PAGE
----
Well, here we are in 2017. Let’s hope it’s not such a tumultuous year as 2016 when politics on both sides of the pond suddenly became interesting.
This year, elections in France and Germany are in store plus the invoking of Article 50, maybe as soon as March.
I note that Andrea Leadsom’s speech at the Oxford Farming Conference managed to say absolutely nothing of interest.
From what I understand, her main thrust was to reduce red tape in whatever replaces BPS. I think the EU review due this year will probably beat her to the removal of the three crop rule.
See also: Read more from our Arable Farmer Focus writers
Looking at previous debacles in introducing new schemes, I am not very confident that a shiny new farming support system will be up and running by 2020.
This is even assuming that we will have extricated ourselves from the EU by then anyway. Perhaps this might all be irrelevant if the French decide on Marine Le Pen and Angela Merkel loses the German election bringing the EU crashing down around us.
So my expectations are that to start with at least, we will get a watered down, reduced payment version of the current system. Oh, but without the three crop rule, of course.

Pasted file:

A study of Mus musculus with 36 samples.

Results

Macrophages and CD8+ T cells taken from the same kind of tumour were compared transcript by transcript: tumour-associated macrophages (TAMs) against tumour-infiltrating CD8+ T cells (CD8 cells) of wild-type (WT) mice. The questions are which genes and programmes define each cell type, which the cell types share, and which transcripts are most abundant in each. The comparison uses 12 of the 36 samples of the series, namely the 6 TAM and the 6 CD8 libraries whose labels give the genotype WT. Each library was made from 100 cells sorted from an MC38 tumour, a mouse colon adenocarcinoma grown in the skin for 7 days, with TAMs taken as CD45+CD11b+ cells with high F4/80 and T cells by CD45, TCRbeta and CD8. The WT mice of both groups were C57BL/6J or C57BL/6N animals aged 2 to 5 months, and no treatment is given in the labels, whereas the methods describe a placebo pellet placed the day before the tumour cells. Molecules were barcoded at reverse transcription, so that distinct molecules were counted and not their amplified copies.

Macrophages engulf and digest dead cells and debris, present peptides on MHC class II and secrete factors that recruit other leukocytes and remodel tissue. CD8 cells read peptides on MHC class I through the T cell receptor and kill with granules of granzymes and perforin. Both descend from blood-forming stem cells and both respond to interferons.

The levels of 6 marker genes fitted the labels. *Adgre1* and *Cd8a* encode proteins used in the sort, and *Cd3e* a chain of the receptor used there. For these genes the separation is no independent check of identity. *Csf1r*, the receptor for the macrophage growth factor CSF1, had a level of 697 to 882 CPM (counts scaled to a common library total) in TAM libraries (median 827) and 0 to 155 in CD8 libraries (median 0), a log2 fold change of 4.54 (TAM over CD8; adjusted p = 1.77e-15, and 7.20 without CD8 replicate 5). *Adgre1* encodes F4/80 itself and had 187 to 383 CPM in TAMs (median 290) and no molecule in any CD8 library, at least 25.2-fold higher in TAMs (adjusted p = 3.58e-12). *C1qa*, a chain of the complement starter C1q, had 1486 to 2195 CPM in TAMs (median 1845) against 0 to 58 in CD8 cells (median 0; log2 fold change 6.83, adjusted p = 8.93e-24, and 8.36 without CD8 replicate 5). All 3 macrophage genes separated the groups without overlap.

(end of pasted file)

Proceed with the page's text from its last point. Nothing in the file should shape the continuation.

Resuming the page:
Trials yield results
On-farm trials have always figured in my bid to improve what I do here. For the previous two harvests I have been looking at growth regulation in wheat.
With our wildly varying soils and undulating topography it is quite easy to either over- or under-apply growth regulators.
When you have soils varying from clay cap to gravel, chalk, and loam all in one field, plus valleys and banks, you can see my dilemma.
With the help of the SOYL precision crop services we have variably applied the T0 growth regulator and fungicide and compared that with a farm standard.
The result was a very pleasing 0.4t/ha yield increase over the past two years. As there was no lodging I am convinced the extra yield has come from not applying higher doses to the lighter soil areas.
My new motto then: “Less is more”.
Simon Beddows manages 1,000ha of arable land at Dunsden Green, south Oxfordshire. Cropping is cereals, oilseed rape, beans and forage maize.